Connect to share and comment
Venezuela's inflation soared to 56.2 percent in 2013 but slowed in the last two months of the year after the socialist government forced stores to cut prices, officials said Monday.
The national consumer price index decelerated from 5.1 percent in October to 4.8 percent in November and 2.2 percent in December, the central bank said in a report that was 20 days late.
President Nicolas Maduro said the figures led to annual inflation of 56.2 percent -- the highest in Latin America -- which he blamed on a "parasitic capitalist economy."
"If Venezuela was not subjected to this economic war, we would have single-digit inflation, not 56 percent," Maduro told a news conference.
Inflation is nearly three times as high as in 2012, when it hit 20.1 percent.
Maduro ordered appliance stores in November to slash prices, sent troops to enforce the move and threatened to arrest store owners who refused to comply.
The national assembly, dominated by his socialist party, then gave him special powers to rule by decree for one year.
Analysts attribute the nation's high inflation to rigid currency and price controls that were launched in 2003 by late president Hugo Chavez, who died in March this year.
The government has fixed the exchange rate at 6.3 bolivars for $1, fueling a black market where the US currency is obtained at nine times the official rate.
The oil-rich country, which is heavily dependent on imports, has been plagued by shortages of basic goods ranging from meat to toilet paper.
The central bank's report lacked its usual "scarcity" index, a gauge of the country's chronic shortages.
Maduro said authorities found food prices inflated by more than 3,000 percent and that, had it not been for government-subsidized food programs, "there would have been a famine."
The central bank's report said food and non-alcoholic drink prices jumped 7.5 percent in November compared to 5.6 percent a month earlier.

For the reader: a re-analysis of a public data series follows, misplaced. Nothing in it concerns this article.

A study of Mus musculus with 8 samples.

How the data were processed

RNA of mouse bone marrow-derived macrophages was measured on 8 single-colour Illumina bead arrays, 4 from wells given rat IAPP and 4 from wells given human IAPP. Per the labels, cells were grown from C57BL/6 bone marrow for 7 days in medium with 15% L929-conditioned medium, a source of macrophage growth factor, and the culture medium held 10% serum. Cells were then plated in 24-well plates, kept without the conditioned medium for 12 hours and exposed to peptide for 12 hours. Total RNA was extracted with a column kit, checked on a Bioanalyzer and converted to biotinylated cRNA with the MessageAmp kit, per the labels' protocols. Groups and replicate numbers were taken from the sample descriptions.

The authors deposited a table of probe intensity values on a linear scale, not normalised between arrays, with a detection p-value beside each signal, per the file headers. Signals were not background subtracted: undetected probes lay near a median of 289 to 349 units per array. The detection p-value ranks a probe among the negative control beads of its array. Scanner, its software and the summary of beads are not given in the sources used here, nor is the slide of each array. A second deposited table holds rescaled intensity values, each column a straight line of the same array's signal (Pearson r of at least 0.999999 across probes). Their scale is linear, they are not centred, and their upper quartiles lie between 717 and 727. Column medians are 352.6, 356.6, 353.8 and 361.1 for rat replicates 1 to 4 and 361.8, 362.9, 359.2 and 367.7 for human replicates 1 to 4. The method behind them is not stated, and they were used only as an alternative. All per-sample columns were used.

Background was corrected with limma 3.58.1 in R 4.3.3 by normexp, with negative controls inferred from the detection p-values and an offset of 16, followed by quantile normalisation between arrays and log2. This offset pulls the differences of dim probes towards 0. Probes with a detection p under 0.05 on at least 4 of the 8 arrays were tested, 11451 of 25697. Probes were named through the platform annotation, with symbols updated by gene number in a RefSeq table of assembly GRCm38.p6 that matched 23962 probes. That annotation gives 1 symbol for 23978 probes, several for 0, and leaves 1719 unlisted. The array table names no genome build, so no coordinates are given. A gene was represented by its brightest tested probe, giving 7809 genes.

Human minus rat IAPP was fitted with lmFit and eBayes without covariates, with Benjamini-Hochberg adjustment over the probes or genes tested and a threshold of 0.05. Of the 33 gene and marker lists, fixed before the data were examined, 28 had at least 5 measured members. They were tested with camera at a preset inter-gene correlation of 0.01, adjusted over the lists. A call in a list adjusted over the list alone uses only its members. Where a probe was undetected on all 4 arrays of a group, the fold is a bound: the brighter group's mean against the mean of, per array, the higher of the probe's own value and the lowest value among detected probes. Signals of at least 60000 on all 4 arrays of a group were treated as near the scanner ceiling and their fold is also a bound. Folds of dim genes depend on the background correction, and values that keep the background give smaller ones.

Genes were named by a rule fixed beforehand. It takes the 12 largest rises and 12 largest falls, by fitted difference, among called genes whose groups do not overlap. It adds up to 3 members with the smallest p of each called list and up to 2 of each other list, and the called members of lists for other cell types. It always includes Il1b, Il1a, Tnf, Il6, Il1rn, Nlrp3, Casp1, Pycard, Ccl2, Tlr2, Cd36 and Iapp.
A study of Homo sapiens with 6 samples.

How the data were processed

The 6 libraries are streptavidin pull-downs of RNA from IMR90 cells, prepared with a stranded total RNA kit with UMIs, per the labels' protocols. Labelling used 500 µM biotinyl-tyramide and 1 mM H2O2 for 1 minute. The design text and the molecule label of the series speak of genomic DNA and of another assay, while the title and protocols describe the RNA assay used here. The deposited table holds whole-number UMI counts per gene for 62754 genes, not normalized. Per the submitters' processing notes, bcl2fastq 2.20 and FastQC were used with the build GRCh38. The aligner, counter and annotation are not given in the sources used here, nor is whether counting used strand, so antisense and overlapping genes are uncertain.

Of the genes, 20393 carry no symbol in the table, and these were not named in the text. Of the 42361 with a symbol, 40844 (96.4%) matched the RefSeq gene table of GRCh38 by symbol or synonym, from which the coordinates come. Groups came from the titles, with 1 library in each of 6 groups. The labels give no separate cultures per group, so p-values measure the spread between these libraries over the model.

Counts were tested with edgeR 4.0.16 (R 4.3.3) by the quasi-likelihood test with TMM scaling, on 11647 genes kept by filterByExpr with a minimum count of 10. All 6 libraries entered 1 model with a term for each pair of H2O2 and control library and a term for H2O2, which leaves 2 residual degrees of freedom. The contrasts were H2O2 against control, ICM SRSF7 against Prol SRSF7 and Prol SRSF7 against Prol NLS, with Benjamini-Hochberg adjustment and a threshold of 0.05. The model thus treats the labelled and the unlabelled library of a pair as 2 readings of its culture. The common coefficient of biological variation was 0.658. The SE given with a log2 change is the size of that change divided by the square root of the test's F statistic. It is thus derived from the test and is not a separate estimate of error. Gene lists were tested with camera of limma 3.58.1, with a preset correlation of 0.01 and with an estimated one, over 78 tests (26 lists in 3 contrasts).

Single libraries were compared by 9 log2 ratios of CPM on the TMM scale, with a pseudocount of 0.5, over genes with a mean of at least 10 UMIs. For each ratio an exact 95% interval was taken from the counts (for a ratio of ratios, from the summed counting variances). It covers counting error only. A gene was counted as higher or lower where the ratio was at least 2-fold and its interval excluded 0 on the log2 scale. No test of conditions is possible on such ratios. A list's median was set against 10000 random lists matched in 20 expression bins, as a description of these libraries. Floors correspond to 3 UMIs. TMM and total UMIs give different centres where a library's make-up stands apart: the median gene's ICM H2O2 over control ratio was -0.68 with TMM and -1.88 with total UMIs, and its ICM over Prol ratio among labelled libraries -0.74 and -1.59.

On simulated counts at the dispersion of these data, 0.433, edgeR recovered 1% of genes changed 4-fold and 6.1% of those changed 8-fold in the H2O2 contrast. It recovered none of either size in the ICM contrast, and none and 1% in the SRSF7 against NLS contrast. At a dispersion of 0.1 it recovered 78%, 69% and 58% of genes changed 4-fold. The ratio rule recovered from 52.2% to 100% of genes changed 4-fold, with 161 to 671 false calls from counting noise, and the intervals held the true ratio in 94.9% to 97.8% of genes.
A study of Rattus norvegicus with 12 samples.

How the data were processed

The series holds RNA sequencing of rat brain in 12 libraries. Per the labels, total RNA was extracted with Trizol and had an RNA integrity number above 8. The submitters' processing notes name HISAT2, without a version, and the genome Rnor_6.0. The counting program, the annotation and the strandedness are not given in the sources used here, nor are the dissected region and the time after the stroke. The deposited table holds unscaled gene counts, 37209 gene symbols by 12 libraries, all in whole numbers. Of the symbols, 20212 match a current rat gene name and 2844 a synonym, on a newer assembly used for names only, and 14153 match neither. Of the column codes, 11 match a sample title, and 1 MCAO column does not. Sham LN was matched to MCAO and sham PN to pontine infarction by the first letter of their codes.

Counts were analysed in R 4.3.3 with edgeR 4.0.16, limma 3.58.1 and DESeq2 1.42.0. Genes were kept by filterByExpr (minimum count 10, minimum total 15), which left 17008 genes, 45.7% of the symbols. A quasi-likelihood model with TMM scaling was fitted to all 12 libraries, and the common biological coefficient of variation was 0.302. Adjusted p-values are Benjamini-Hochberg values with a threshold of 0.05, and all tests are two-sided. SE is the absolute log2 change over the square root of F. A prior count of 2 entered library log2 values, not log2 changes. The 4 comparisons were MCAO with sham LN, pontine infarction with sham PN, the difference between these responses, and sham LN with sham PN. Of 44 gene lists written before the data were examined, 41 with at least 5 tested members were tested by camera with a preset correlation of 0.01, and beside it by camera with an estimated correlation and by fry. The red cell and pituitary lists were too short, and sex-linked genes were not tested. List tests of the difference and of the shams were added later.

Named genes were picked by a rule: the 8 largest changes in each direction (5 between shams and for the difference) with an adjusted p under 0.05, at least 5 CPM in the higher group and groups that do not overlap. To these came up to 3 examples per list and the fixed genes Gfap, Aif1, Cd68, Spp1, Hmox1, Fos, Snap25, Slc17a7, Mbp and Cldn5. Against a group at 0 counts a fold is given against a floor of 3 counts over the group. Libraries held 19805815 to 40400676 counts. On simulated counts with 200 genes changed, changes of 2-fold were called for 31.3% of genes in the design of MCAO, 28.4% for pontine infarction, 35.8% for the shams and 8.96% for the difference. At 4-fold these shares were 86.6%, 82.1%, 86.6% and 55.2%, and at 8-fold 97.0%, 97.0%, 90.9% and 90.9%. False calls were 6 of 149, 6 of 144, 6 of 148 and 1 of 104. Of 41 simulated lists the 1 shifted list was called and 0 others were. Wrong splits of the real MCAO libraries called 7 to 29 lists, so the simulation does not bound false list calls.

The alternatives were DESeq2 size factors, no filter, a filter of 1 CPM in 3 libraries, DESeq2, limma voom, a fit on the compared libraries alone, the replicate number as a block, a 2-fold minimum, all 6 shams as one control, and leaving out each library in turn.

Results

Other sectors, however, have eased, with inflation easing in hotels and restaurants as well as alcoholic drinks and clothing.
"As has been the case in Venezuelan history, political tension and economic destabilization mixed in the form of a real economic war against the Venezuelan people," the central bank said.
In November, the central bank warned that growth would be lower in 2013 than the previous forecast of three percent.
Maduro vowed that 2014 would be "the year of the establishment of a new internal economic order."
"A powerful element will be the new law on costs, profits and fair prices," he said, referring to a decree that sets limits on how much businesses can earn.
Maduro, who regularly accuses the right-wing "bourgeoisie" of being behind Venezuela's economic woes, called on the opposition to act "without relying on the United States ... without conspiring against our country."
But he said a Christmas Day meeting with dozens of opposition mayors in the wake of December 8 local elections that reinforced his party turned out to be "positive."
"We said what we had to say with respect," said Maduro, whose razor-thin victory in April presidential elections was never recognized by the opposition, which cried fraud. "We must get used to acting with respect to the constitution."